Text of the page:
Thursday, January 21, 2016

Progress from Annie Hill, a report about SIBLIM.

A visit to the heaquarters of the SIBLIM club.

Credit to Paul Gilbert for the photos, much better than my own amateurish efforts.  Thanks Paul.

For those new to the acronym above, that stands for “Small is Beautiful, Less is More” and is the philosohy behind Annie Hills life, and the new ship that she is building herself.

I visited last week, had a look over the ship to see the progress since my last call at her shed in Norsrands Boatyard in Whangarei. She’s doing well,  all the framing is up, the skegs that will support the twin rudders are in place, these will enable her ship to stand upright on any reasonable surface when the tide goes out.  The bottom panel is dry fitted, some of the cockpit panels are in place, there is nice solid wood tongue and groove panelling on the main cabin bulkheads and she is working on wrapping plywood around that distinctly Junkish bow.

View from aft, the shape is clearly visible now and even some of the interior spaces are starting to give an impression of what they'll feel like later on.

A distinctly Junkish bow.  There is a lot of good thinking behind this, it will make lifting an anchor  and stowing its tackle much easier for someone who is not the strongest person afloat, being small of build makes it easy to get standing headroom in a smaller boat but there has to be thought given to things tasks which are easy for a 6 ft 6in football player.

Tongue and groove panel overlaying the plywood in the main cabin.  Nice!

The outboard motor will mount in between the skegs, in a well which makes it an "inboard", if you know what I mean.  It makes it easy to access, keeps it well protected, out of sight from people who might think that they deserve it more than the owner, and easy to service without having to dismount it.  Good option.

I collect woodworking hand tools, not as a collector of rare and “collectibles”,  but rather to rescue and bring back to life old, disused, and damaged second hand tools. I haunt junkshops and garage sales, will buy if I come across reasonable second hand ones, and have quite a collection tucked away awaiting a good cause.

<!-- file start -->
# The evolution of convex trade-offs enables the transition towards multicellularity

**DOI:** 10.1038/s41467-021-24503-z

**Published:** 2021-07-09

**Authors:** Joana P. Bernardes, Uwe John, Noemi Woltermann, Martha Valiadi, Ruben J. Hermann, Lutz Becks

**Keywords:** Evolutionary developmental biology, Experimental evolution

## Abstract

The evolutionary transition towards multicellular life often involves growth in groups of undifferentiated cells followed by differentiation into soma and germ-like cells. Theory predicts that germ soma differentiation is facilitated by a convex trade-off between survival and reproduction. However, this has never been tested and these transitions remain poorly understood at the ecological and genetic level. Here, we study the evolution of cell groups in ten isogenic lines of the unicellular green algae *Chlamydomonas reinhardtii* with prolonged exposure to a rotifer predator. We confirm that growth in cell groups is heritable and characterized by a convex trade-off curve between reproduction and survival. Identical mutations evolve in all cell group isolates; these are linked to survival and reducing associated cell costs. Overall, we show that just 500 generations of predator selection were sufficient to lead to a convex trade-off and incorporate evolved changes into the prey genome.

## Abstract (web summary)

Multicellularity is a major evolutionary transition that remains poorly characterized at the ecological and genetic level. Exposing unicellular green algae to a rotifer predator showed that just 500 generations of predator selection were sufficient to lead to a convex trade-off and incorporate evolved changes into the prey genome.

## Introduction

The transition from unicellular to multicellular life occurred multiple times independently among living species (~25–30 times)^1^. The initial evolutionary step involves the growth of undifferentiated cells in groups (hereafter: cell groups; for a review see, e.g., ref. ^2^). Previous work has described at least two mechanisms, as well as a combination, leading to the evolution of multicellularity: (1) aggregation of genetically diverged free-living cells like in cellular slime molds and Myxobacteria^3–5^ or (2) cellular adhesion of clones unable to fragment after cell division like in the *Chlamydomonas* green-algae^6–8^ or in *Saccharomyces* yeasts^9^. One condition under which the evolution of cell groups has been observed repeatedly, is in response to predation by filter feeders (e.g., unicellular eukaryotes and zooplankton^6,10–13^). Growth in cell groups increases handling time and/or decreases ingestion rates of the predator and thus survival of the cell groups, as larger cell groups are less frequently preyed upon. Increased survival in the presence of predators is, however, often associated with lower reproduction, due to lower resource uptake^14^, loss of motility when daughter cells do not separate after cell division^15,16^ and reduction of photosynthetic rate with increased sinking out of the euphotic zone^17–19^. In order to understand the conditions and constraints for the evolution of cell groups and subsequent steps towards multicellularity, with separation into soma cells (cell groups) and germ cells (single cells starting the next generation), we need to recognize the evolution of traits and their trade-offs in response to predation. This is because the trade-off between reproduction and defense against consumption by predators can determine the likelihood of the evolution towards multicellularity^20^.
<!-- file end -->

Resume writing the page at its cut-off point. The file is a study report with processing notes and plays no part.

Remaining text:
Annie qualifies as a good cause.

Thats the model of the ship in the background, and we're looking over tools Annie and I. Your'e looking through the space between the twin skegs, good solid legs for when she's aground and strong support for the steering gear.

So I’ve handed over to her a Stanley number 60 bullnose plane, that’s the little short one handed rebate plane,  a straight spokeshave, a decent half inch chisel and a two sided coarse / fine oilstone.  The plane and the spokeshave will come back at the end of her project.

She’s bought a couple of Japanese style pull saws, and is finding them much easier to use and more accurate than the  old tenon saw that she’d been using,  and I noted that she had purchased a cordless impact screwdriver and a few other power tools.  These will speed things up no end.

Now keep that angle the same as you move the chisel back and forth, gradually work your way around the stone to keep the wear even, lots of oil, not too much weight on it ------

We went over the technique for sharpening hand tool blades, that’s chisels and planes, aome very basic stuff so she can get a decent edge without having to wait until Marcus can do it for her. He’s busy earning the bucks that will allow him to haul his Ferro cement 20 ft Flicka and do some work on her.

Great visit, Annie and Marcus are both good company, and it is a pleasure to have bread and cheese, fruit and a cup of tea with them.

I’m going to be away for a while, so it will be maybe two months before I’m back. I’m expecting to see lots of progress.

Work well Annie.

1 comment:

  1. Just a footnote to the image with the T&G panelled bulkhead, the angled case for the daggerboard can be seen beyond it.